I've read a long a time article about him. He didin't sound crazy or pompous, but very cooncentrated on his goals. He knows what he wants, he was very intersted in mythology during studying, private (as someone said, he lives in ranch). A little bit of control-freak...
It's interesting to note the many directors who, through their film making process, submit a lot of their own personal difficulties to the public indirectly through their medium. Like it's not what's actually in the film, but how they made the film that gets them attention. Hitchcock being a good example. Ingmar Bergman had serious issues with his favourite actress/wife. I wonder what types they are.
Infact, I'm pretty annoyed about people's assumptions that filmmakers, especially directors, have to be extroverts. It's a reflection on the cinema people consume I suppose. Most people watch mainstream american tv/film and that's what you get. But thats the equivalent of eating only food from one country. That would be unheard of today, the cross contamination of foreign cuisine is the staple of cooking. I suppose the majority of films I watch are not mainstream and from countries other than America and England. What you can learn socialogically about a country from their cinema is really cool.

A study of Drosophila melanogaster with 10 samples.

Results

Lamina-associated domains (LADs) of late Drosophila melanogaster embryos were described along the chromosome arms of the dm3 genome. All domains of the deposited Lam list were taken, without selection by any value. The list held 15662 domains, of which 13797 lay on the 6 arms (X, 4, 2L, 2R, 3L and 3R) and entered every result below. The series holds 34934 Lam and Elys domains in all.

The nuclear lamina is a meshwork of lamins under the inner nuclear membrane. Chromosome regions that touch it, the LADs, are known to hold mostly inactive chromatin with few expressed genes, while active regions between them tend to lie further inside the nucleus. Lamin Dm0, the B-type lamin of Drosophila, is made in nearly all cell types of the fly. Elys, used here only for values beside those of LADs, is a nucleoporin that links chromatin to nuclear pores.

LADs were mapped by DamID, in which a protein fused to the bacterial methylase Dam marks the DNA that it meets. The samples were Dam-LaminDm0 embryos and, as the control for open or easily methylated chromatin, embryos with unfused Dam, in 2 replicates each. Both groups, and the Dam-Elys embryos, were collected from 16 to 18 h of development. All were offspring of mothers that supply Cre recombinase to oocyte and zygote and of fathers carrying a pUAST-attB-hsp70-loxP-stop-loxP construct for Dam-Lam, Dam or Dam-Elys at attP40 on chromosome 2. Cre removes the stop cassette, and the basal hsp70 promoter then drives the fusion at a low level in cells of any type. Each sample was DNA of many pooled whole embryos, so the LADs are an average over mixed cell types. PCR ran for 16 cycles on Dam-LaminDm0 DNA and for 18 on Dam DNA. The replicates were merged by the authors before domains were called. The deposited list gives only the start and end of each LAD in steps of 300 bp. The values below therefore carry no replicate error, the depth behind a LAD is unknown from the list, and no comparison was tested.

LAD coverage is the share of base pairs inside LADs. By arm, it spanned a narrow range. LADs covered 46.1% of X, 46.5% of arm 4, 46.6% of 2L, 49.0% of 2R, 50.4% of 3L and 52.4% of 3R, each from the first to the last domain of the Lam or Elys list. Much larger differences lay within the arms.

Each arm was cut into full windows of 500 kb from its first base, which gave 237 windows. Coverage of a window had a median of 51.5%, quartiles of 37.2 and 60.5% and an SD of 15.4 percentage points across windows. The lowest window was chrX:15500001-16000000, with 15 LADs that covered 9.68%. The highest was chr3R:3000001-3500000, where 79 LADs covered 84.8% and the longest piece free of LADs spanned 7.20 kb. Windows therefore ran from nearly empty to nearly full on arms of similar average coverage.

That's true. Thinking that all filmmakers are E would be putting people in boxes. For me it's interesting how different people work in a different ways same job. It' s the reason wey we have movie stars that are everywhere around us (TV, magazins, we know all abut them, they could be charmnig, or don't, it depends) and then we have stars that are private. They "hide" themselves.
Yeah. I think the attitude that the filmmaker exudes, either E or I, shows through in the actual film. You can get introverted films and extroverted ones. Take a korean directors like Kim Ki Duk or Park Chan Wook, their films are introspective in nature. Hence why they don't find large audiences. Well maybe Wook did with Oldboy but even that is a cult status.